When you’re studying at university, naturally you imagine how your career will progress as an engineering graduate in the future. Everything is bright and every day you get to solve problems that will propel your company to great new heights…right?
Well, I’m lucky because my job as a Design Engineer at Rotary Power is exactly what I hoped it would be when I graduated from Newcastle University back in 2012.
Don’t get me wrong, it wasn’t easy at first. I don’t think it ever is for graduates! When you start your first day at work, you realise just how little you actually know. You have a whole new company, new products and new terminology to learn (as well as remembering the name of the person sitting next to you!).
But that’s what is great about the job, every day brings new challenges and believe me the sense of achievement you feel when you solve a problem is like no other.
I am now three years into my career at British Engines and I finally feel like a real engineer. The mix of design work and practical hands on experience I get keeps the job fresh and constantly evolving. One week I could be at my desk doing calculations to determine the strength of a new part, the next I could be in the development lab helping to set up the next run of performance tests for a prototype motor.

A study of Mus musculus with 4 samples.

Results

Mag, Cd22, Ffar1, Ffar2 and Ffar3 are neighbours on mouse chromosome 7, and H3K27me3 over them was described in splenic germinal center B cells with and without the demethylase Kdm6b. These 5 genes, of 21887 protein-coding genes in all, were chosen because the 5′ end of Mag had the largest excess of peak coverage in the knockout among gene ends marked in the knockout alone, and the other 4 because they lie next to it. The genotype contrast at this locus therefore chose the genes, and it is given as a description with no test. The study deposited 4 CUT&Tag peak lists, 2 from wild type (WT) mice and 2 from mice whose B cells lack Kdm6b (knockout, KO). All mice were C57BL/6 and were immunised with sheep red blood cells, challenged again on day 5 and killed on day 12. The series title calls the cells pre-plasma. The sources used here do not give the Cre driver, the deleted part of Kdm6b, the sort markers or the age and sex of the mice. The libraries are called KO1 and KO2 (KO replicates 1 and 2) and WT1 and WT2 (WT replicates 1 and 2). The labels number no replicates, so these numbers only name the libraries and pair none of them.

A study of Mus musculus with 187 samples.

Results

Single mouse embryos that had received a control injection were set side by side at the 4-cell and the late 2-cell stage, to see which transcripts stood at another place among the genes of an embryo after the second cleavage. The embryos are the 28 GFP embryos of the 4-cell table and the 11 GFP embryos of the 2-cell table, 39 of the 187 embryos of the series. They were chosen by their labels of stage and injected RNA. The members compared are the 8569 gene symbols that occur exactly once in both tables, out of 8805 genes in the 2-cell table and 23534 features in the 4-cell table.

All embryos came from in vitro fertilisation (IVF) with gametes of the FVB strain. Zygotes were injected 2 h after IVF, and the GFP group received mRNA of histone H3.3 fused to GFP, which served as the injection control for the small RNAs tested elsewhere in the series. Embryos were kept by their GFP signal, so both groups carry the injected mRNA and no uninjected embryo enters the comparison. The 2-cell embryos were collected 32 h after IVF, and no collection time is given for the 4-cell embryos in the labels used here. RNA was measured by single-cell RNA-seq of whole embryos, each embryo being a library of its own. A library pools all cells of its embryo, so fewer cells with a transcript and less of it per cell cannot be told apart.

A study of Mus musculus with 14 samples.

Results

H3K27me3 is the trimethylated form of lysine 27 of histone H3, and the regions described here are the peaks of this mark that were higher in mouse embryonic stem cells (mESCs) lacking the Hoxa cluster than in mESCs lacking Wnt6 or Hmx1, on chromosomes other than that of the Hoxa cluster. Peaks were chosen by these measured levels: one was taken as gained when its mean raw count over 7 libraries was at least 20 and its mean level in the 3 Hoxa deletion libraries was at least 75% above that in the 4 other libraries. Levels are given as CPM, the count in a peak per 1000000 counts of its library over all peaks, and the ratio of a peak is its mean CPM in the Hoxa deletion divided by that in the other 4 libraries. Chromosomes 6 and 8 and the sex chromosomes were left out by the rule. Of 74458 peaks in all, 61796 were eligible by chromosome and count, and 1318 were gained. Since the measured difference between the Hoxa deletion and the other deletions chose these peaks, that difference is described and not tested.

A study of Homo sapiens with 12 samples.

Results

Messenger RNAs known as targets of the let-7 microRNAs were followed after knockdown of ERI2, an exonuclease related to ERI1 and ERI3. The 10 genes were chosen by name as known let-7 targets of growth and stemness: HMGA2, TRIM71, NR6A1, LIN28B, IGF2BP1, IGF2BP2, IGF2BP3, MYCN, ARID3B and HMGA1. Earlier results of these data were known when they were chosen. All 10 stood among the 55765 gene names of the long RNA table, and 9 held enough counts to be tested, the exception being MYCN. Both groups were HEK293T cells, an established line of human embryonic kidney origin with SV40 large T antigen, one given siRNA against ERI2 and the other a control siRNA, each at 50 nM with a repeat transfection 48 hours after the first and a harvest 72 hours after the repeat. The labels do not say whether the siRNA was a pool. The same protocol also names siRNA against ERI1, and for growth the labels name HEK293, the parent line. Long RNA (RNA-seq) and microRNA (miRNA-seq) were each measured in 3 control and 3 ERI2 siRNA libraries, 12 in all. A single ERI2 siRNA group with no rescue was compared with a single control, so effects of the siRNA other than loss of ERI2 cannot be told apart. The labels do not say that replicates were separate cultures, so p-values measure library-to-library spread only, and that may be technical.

My current role has put me in charge of overseeing the development and testing of our new range of cam motors. I have also been fortunate enough to have designed two out of the five models in this range, so I really feel like this project is my baby and I’m determined to see it grow up into a functional and respected product.
The project originally started as an upgrade to an older design, but soon evolved into a new product line which allowed us as designers to test what we know (and learn what we don’t!). From generating concept designs to finished manufacturing drawings, choosing individual bought out components and commissioning whole test rigs, this project has been a huge team effort and it’s finally starting to show dividends.
It wasn’t easy getting here though, the project has been peppered with setbacks and challenges to overcome, but solving these has been the best part.
I have learnt so much since I started working here, by attending specific training courses and from practical experience. When there has been something I’ve struggled with, I’ve always had the support of my colleagues to help me out. I also meet with my manager regularly to discuss how things are going and review my personal development plan and propose any additional training I would like. I have had lots of support towards my professional registration with the IMechE, something British Engines actively encourages and I’m hoping to get chartered within the next year.
When I think back to my first day and that feeling of “oh my goodness, I don’t know anything” and compare it to how I feel now, I realise that the diversity of problem solving is what got me into engineering in the first place and what keeps the job interesting. After all, life would be boring if things always went to plan!